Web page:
My wife has a chinchilla that she will eventually be bringing home. We have two cats that are well behaved, but I want to make sure they're introduced properly so that I can make sure everyone gets along.

Is the best method similar to introducing another cat, where I lock the chinchilla away in another room for a few days to get the cats used to the smell?

1 Answer 1


We used to have a chinchilla before I developed an allergy to his hay. We had him in a cage at home from day one, where he could interact with our cats through a mesh screen. Both of our cats are pretty low on the prey-drive, but we still made sure to watch the chin, not just for when the cats were around, but any time he was out and about in the house. Chins are very destructive and love to chew on things, which was more of a concern for us than the potential for our cats to chase.

Because cats naturally prey on chinchillas, it's most likely going to cause the chin more frustration than it is your cats when chin comes home. Here is what we did, and what I recommend:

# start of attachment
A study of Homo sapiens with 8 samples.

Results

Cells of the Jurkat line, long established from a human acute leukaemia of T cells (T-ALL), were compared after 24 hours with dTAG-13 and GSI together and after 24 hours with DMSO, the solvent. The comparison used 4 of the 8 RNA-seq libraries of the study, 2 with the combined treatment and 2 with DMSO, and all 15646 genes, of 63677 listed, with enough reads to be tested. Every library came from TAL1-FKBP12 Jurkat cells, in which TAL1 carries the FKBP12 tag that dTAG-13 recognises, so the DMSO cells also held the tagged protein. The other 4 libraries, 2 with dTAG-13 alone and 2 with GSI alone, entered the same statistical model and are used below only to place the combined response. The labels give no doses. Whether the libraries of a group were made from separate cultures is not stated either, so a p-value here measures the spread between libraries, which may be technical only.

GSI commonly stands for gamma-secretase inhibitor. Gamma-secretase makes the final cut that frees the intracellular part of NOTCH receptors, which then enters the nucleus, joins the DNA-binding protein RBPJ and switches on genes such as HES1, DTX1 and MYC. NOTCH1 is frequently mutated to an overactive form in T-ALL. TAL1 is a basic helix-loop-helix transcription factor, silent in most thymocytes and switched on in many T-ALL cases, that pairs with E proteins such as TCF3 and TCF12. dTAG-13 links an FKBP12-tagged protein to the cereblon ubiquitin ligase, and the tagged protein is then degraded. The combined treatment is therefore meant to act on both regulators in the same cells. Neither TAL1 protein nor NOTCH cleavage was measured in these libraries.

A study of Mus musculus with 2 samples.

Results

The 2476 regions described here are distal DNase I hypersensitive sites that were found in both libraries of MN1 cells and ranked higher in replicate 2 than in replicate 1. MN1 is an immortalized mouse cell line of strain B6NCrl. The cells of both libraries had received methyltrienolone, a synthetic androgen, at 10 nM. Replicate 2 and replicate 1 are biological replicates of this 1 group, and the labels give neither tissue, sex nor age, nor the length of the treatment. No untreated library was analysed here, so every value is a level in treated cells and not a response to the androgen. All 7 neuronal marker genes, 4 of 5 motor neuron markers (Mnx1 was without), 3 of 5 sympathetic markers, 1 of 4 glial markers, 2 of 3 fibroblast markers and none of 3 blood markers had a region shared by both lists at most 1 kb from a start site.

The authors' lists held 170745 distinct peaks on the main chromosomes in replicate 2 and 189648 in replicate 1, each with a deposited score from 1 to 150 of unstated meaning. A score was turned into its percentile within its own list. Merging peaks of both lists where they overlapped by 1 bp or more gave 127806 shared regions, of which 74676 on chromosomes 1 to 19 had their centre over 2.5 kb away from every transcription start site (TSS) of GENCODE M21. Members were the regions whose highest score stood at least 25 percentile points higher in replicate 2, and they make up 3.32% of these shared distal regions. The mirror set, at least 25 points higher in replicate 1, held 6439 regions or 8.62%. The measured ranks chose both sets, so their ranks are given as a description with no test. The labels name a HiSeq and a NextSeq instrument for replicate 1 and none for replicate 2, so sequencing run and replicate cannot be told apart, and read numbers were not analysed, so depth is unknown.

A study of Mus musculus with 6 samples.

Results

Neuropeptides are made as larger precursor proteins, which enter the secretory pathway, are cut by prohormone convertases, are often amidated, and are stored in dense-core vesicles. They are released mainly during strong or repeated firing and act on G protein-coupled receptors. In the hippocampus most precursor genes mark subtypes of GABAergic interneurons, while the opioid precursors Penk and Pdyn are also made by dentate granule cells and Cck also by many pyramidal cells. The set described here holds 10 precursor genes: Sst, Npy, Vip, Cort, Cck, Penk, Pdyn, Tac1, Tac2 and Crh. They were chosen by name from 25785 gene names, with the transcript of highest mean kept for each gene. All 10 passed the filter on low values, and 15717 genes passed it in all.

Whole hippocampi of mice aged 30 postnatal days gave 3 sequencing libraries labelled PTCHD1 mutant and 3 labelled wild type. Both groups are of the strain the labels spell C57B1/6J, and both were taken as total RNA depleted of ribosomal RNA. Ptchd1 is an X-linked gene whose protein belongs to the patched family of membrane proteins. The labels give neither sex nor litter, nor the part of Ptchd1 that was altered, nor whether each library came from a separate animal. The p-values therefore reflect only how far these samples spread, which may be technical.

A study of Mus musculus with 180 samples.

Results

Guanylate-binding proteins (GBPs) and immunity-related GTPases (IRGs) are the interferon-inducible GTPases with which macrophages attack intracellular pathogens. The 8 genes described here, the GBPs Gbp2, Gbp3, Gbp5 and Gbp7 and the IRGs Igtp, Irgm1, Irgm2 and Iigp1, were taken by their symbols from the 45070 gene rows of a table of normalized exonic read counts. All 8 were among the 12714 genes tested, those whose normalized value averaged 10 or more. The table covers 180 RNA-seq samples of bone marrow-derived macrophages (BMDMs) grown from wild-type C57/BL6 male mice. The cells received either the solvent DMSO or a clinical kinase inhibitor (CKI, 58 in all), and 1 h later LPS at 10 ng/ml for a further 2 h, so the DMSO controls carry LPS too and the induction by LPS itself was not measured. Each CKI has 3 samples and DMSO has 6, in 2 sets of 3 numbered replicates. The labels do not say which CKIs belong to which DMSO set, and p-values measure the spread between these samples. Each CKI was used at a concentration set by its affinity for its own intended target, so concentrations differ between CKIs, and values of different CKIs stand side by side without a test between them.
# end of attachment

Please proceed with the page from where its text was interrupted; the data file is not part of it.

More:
• Bring Chin home and keep in a cage where he can veg for at least a week. They are very sensitive to fear and can have a heart attack if they get scared. New environments, new noises, new people - all of that is stressful to them.
  • Leave him be for a few days. The cats will smell him, and will acclimatise to his presence quickly. After a few days of being left alone, bring him out for short periods and let him explore. Try to do this with your cats nearby and keep a close eye on everybody. Let your cat see you playing with chin so they associate him with something that is yours and something you like. You can give your cats treats during this play time too. Not necessary but it can get some positive associations for having chin around.
  • Gradually lengthen the time he is out and playing - but if he gets too nervous, starts barking or chatting his teeth, put him away to let him calm down.
  • As he is more comfortable, let the cats 'meet' him. Hold onto him and let the cat smell him. We let our cats smell ours face-to-face, and everyone was quite pleasant.

Remember that a chinchilla is prey to a cat and even if they are buds sometimes the predator instinct kicks in and a cat might chase the chin. We ALWAYS were in the room when all the pets were out, just to make sure nothing happened. As I said before, we were always more worried about the chin chewing a power cord or finding a new hiding spot than we were with our cats' behavior.